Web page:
Incorrect Postures to Avoid in Mind-Body Workouts
Think of Barbie Doll and Neanderthal as visual ways to describe two typical incorrect postures. These names were dreamed up by Cathleen Murakami, Pilates instructor and owner of Synergy Systems Studio in Encinitas, California. They are a great visual for proper posture in mind-body workouts.
You’re practicing Barbie Doll posture if your chest is puffed out, your back is swayed, and your buttocks are sticking out behind you. That usually goes along with shoulder blades pulled back too far. High heels can contribute to this posture, and standing and walking in this position can put pressure on your lower back and tighten the front of your hips.
You’re practicing your best Neanderthal if your chest is caved in, shoulders rounded forward, and buttocks tucked under you. That usually goes along with your head poking forward in front of your chest. This posture can flatten out the curves in your lower back, making it more susceptible to impact injuries.
Follow the steps below to help you get to the right place eventually.
Rock your buttocks back to create a big curve in your back.
You may likely stick out your chest to compensate for the weight shift, kind of like Murakami’s Barbie Doll posture.
Tip your belly forward and try to tuck your buttocks underneath you.
You may sink your chest to compensate for this move, much like Murakami’s Neanderthal posture.
Rock back and forth between these two exaggerated positions, allowing your shoulders to move in response, but not focusing on their action or making it any larger than required by the pelvis shift. Slowly lessen the swing until you find yourself coming to rest sort of in the middle to a neutral position that doesn’t over-curve or -flatten anywhere.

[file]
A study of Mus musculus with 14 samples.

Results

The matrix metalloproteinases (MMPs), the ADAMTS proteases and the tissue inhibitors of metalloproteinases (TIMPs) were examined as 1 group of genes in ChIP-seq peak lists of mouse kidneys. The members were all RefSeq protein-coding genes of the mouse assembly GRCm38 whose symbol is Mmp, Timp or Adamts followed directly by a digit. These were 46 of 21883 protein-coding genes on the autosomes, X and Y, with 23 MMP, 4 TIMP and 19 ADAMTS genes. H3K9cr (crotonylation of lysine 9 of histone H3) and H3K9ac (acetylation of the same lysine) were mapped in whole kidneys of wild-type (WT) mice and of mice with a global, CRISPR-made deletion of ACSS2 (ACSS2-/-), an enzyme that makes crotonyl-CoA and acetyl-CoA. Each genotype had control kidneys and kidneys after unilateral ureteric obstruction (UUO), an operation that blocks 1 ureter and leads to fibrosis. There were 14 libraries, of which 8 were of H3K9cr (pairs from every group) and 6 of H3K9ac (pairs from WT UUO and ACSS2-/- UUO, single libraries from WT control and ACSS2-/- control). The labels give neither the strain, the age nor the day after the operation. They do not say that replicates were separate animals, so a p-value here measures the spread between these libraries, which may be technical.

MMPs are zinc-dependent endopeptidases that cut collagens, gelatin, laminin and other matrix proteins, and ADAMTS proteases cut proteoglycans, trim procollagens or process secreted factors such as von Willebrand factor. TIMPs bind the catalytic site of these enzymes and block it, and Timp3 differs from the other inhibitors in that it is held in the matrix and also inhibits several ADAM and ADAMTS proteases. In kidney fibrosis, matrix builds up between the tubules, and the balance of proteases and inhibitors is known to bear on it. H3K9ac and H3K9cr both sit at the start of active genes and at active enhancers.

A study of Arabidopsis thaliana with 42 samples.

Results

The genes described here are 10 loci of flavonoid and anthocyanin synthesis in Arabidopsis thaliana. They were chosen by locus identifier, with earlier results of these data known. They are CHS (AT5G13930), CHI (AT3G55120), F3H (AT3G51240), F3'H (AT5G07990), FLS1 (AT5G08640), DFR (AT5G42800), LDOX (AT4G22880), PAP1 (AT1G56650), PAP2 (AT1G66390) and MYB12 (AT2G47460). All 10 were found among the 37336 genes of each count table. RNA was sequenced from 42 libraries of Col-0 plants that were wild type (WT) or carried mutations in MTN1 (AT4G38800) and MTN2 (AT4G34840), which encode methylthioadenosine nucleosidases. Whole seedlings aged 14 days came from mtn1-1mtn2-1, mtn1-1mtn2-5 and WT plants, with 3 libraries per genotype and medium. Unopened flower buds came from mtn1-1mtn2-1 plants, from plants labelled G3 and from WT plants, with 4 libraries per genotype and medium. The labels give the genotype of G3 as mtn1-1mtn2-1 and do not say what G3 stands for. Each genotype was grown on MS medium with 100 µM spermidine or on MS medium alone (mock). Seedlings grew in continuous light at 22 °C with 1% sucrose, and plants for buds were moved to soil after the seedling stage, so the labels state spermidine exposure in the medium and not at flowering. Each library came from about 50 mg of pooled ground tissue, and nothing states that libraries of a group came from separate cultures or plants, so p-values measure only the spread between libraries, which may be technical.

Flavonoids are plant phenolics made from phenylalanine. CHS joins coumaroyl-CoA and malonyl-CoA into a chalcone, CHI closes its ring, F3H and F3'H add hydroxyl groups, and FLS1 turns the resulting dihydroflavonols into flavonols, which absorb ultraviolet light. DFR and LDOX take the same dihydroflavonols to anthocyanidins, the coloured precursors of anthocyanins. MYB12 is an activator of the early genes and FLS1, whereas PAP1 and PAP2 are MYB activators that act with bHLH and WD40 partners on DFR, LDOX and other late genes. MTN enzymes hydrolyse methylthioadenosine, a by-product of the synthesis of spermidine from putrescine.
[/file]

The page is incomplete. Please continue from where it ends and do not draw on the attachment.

Test your position.
Place your hands palm down on your belly, with the base of your palms on your hip bones, your thumbs reaching inward, and your fingers pointing toward your pubic bone.
Your hands should be perpendicular to the ground. If your fingers are farther ahead of your thumbs, your hips need to tip backward a bit more. If your thumbs are farther forward than your fingers, you need to tighten up your abs and pull under a bit more.
When you find what seems to be neutral, take away your hands and see how this feels.
Are you feeling forced to bend your knees or do you feel as if you are straining to stay in position? If so, you need to work on your leg and hip flexibility to help you along. You may also need to work on low back or front-of-hip flexibility to help you stay there, too.
You can experiment with this neutral spine position anywhere: sitting in a car, walking through the grocery store, or standing in line at the bank. Just working into it can help you stretch and strengthen a little. You’ll feel taller and statelier to boot!
Instructors of Yoga, as well as of the Chinese mind-body practices of Tai Chi Chuan and Qigong, not only don’t talk about neutral spine, they actually instruct you to “just be.”
They don’t want you to pull in your abdominal muscles or worry whether your shoulder blades are sliding down on your back to open your chest. But, if you practice these methods, you do find that your posture gets taller and your abs get stronger just from the practice and muscle use.